When is harder easier?

Posted: October 11, 2013 in Exercise, Learning, Mental Reboot, Physical Reboot, Teaching
Tags: , , , ,

I just started reading Malcolm Gladwell’s new book David and Goliath: Underdogs, Misfits, and the Art of Battling Giants and while I don’t usually blog about a book until I’ve finished it I think it may have provided an answer to one of the more difficult problems I’m having in my volunteer teaching gig.

I’m having difficulty designing lessons that are challenging to the students that pick things up the fastest while not so challenging that I lose those that are having a harder time absorbing information.   While the school I’m teaching at isn’t fully an “alternative school” it is certainly a place where students that have been difficulty in a more traditional context land either by their choice or their parents.  I don’t have the experience to know if that makes the range of study skill, motivation, and foundation knowledge is wider than in a more traditional school, but it is really the range of all of those things is very wide amongst my students.

So one of the early examples in David and Goliath is a very short IQ test that involves 3 questions each of which is reasonably simple, but has a bit of a trick to it.  When people take this test ‘cold’ they often don’t think it through deeply enough to get the trick.  But some Ivy League types did an experiment where they gave a bunch of students the test written out in a barely legible font and the students that took that version of the test did significantly better on the test than those that took an easily read version.  The claim is that this was a case of making something a little bit harder makes it easier.

So as I was sweating through morning yoga, I started thinking about how this applies to things that I do.  And (since I was in yoga), the first place I looked was there.  Yoga also has a couple of additional advantages in that in the form I take, there are students of all levels being taken at the same time, and (unlike computer science, which is what I’m teaching) there can be no argument made that yoga is something that came easily to me. As I was saying, in yoga this morning, it occurred to me that there were several things in that very class that made it more difficult.  The yoga teacher, while obviously very experienced, had such a heavy accent that I had to strain to parse her instructions.  I strained a muscle in my neck a couple of weeks ago (as far as I can tell, by sleeping wrong) and being the cautions type that I am, this was my first class post strain so I was being very careful not to re-injure it.  And there were teachers in training running some of the exercises who were getting their rights and lefts mixed up.  The sum of all of which was that I had to concentrate much more than usual in that class than I normally do.  And I believe that on a less than scientific basis, I can confirm the hypothesis that I learned more in that class than a normal one where I’m not worried about an injury and there isn’t anything about the teacher(s) that’s making class particularly difficult.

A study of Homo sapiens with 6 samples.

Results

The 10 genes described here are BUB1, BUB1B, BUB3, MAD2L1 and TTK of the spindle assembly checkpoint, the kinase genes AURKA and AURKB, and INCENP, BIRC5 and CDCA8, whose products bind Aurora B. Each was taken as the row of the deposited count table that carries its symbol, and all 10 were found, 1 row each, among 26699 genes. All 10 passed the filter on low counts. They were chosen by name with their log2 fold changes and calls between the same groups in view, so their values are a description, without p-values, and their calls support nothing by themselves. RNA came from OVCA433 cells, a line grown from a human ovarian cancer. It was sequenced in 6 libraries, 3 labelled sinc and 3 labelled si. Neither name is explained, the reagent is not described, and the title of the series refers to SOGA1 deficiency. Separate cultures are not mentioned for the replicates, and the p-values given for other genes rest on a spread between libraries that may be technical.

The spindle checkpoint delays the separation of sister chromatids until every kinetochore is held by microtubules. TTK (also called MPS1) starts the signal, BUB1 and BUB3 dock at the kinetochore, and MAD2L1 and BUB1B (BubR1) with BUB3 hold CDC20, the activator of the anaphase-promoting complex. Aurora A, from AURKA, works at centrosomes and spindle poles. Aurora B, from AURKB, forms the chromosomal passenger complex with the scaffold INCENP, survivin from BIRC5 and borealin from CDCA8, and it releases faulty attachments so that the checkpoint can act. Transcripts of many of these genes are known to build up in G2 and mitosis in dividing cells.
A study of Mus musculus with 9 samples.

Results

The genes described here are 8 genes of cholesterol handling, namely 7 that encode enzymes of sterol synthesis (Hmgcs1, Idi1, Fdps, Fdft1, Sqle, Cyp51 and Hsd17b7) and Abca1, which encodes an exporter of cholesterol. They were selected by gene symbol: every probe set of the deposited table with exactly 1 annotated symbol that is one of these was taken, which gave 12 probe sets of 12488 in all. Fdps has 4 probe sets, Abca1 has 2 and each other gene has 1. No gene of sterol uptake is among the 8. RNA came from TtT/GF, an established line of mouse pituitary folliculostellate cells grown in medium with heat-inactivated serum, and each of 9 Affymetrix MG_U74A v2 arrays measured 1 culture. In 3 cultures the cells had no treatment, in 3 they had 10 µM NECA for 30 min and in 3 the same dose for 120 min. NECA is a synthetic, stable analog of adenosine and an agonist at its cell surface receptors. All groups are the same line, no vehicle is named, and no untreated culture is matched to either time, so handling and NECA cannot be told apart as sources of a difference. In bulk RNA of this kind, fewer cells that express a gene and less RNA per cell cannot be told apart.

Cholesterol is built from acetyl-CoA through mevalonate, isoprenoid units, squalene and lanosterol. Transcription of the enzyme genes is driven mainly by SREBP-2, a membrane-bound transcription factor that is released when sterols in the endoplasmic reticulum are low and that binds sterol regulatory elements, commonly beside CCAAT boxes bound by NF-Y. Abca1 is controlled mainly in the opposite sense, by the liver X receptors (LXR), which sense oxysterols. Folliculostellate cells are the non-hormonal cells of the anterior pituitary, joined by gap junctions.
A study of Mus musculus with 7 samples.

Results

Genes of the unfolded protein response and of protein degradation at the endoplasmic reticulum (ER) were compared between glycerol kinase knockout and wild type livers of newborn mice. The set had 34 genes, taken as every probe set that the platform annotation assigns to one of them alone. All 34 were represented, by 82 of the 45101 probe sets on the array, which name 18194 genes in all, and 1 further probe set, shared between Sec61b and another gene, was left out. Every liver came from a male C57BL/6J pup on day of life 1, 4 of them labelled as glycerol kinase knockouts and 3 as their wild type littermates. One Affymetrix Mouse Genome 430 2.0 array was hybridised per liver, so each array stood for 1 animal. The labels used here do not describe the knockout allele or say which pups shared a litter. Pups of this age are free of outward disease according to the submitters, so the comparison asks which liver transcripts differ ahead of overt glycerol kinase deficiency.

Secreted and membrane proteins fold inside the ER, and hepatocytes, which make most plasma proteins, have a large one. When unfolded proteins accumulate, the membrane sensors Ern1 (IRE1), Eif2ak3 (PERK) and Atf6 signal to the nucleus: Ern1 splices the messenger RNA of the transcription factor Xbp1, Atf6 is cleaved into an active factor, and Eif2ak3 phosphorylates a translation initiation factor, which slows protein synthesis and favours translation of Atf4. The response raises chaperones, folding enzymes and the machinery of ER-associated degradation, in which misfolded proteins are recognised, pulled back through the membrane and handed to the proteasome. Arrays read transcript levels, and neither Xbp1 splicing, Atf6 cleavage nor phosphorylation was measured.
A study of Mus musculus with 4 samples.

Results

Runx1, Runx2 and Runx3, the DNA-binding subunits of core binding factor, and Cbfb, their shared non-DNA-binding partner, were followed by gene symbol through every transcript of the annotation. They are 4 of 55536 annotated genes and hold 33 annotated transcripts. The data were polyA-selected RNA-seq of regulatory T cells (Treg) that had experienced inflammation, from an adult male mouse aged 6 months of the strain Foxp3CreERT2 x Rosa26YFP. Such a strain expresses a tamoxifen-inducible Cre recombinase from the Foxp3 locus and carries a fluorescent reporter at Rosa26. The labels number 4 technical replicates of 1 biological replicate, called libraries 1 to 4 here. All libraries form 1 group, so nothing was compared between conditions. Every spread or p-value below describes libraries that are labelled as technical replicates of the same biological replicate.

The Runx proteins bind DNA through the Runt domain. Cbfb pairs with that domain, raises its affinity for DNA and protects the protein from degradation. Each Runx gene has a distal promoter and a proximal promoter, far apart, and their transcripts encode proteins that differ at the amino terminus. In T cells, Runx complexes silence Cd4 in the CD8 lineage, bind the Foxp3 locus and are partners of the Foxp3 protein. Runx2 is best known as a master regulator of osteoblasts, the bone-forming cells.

All of that’s great, but how can I apply it in my classroom?  Well, I think I kind of did accidently and not to effectively already.  One of the experiences that I think I am subconsciously drawing on when writing assignment questions is the years of job interviewing that I’ve done on the interviewer side of the desk.  One of the aspects of a good interview question in my opinion is that it’s ambiguous enough that it requires the interviewee to ask clarifying questions.  I’m pretty sure I’ve done that on my in class assignments.  (How many of you know what a squarell or a spirograph is?)

Wait, you say, giving students ambiguous questions is going to help them?  Well, probably not the way that I did it in accidentally.  But now that I’m thinking this through in more detail, I think that if I make the questions very clear that get the students up to a ‘B’ level (don’t get me started on the actually grading process that the school district uses, it’s more similar to encryption algorithms than anything else I am familiar with), but then leave some room for creativity for the questions that bring a student up to an ‘A’ or would count towards extra credit I might be in a position to keep pacing for multiple levels of students working at the same time.  And maybe even the students that are currently struggling will benefit from some harder is easier effect.

But of course then I get back to the issue of figuring out what is ambiguous to a 15 year old who’s been programming for six weeks that might seem completely clear to someone who’s been programming for over twice as long as they’ve been alive.  Any suggestions?

  1. Jnana Hodson says:

    Sometimes having more answers in our heads regarding a situation makes it harder to see through it. Charles Kettering once said that if he had a metallurgy problem and had a metallurgist and a biologist on his staff, he’d give the problem to the biologist, because he didn’t know everything that wouldn’t work. So we’re back to trying to see things afresh.

    • ohdwg says:

      Thanks Jnana! That’s a very interesting perspective and in fact par of the selfish reason that I’ve volunteered to teach. It’s amazing to see the solutions that kids will come up to problems that I pose to them with their fresh sets of eyes.